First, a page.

RSIME performed a failure investigation of a failed kingpin of a vintage Lister racecar, similar to the one shown in Figure 1.  The kingpin is a critical suspension component that must endure high loads. 
  Lister Racecar
Figure 1. Example of a Lister Racecar
An overview of the failed kingpin can be seen in Figure 2.  The fracture surface was sectioned off the kingpin for closer examination.  Figure 3 depicts the fracture surface with the major characteristics of fatigue pointed out. These characteristics are:

  • Crack Initiation Site
  • Crack Growth Area
  • Overload
kingpin overview
Figure 2. Overview of failed kingpin. Note the fracture surface that was sectioned for better inspection
 fatigue crack overview
Figure 3.  Overview of fatigue fracture.  Note the different stages of the fatigue fracture.

Note the two crack initiation sites opposite of each other.  As the fatigue cracks grew toward the center of the kingpin, they reduced the cross-sectional area of the kingpin until its strength was diminished to the point of an abrupt failure.  This is known as reverse bending fatigue.  Near the crack initiation site, significant machining marks from lathe cut threads were discovered and are shown in Figure 4.  These machining marks acted as stress concentrations which help to initiate the fatigue fracture. 

machining marks
Figure 4.  Machining marks found on lathe cut threads of the kingpin.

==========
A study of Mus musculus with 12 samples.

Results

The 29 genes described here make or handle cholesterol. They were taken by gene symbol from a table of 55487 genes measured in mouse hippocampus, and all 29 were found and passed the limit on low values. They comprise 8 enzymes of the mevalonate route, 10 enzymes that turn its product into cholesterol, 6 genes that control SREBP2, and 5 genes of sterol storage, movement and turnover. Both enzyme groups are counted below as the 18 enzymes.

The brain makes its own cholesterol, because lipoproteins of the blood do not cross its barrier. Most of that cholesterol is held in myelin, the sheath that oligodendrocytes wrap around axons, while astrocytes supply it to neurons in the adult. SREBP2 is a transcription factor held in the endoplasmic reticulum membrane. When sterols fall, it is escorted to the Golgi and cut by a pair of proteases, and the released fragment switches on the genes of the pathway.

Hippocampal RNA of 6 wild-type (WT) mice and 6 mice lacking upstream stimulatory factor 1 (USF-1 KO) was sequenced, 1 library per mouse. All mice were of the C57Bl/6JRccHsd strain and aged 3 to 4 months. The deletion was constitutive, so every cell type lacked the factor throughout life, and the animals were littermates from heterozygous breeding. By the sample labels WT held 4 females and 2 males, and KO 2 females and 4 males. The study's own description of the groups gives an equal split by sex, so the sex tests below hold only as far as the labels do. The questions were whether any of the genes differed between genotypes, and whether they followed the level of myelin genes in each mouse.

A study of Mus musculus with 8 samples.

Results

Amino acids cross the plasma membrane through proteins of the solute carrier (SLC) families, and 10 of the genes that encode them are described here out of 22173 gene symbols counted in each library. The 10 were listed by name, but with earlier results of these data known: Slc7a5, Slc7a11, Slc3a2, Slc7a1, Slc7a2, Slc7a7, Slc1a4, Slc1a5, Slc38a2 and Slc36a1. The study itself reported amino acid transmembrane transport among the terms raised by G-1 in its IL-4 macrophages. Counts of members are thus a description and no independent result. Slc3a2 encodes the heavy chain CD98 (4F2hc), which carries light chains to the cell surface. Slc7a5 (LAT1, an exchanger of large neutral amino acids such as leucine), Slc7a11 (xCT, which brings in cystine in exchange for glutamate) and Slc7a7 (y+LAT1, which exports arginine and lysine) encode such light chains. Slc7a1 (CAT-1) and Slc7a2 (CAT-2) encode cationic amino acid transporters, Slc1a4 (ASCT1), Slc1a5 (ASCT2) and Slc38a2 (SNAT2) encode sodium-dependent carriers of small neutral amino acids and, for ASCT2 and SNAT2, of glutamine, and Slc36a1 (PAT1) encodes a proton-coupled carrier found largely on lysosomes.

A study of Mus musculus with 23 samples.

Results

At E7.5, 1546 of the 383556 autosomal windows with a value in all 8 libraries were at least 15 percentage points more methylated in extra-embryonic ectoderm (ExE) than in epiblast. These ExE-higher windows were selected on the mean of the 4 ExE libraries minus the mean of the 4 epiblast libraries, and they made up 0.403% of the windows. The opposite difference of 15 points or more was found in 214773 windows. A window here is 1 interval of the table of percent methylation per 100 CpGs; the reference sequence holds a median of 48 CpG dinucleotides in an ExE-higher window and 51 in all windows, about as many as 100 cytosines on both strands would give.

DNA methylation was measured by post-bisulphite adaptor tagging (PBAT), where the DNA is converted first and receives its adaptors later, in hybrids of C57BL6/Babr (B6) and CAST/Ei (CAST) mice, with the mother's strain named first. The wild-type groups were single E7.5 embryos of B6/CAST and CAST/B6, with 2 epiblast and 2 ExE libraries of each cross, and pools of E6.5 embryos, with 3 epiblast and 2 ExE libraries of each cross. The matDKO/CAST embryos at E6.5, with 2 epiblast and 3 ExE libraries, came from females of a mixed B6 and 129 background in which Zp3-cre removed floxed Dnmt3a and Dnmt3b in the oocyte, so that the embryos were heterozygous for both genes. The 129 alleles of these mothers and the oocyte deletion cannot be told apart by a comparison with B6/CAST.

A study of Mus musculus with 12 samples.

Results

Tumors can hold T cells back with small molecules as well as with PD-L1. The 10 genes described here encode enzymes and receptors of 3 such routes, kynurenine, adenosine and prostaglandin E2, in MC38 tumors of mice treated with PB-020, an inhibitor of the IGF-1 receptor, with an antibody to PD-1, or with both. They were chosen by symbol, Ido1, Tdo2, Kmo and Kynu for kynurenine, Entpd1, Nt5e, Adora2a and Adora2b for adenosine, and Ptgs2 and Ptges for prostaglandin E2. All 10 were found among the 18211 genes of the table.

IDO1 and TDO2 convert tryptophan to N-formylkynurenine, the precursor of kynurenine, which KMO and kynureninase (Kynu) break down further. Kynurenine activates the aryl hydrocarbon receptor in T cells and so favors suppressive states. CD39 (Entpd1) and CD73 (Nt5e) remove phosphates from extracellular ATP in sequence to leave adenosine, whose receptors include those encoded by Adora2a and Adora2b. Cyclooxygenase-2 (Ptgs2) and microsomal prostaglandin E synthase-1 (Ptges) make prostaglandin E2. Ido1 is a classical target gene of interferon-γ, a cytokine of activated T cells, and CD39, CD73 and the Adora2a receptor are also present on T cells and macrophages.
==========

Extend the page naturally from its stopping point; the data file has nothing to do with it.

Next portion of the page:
Hardness and chemistry composition analysis was performed.  The material had a 52 HRC hardness and the chemistry results indicated a 4340 alloy steel, see Table 1.
chemical composition results
Table 1.  Kingpin chemical composition results.


  • The kingpin failed from reversed bending fatigue. This failure was caused by loading incurred during normal left and right hand cornering of the racecar.
  • The fatigue cracks initiated due to machining marks on the lathe cut threads.
  • The kingpin material was a high hardness, medium carbon alloy steel, which can be notch sensitive and prone to fatigue cracks initiating from stress concentrations.


Steel has a unique ability to avoid fatigue failures.  If the applied cyclic loading is below the material endurance limit, it will not fail from fatigue, no matter how many cycles.  Typically this endurance limit is proportional to the material's strength.  However, increasing strength does not always insure protection against fatigue.  With a high hardness, high carbon steel, the endurance limit is high, but the material is more notch sensitive and its fracture toughness is reduced, allowing fatigue cracks to start more easily.   When designing components against fatigue, a balance of strength and toughness is required.

With this particular component, the fatigue fracture initiated at lathe cut threads.  A better option is to use rolled treads which induce residual compressive stresses, that help to prevent fatigue fractures from occurring.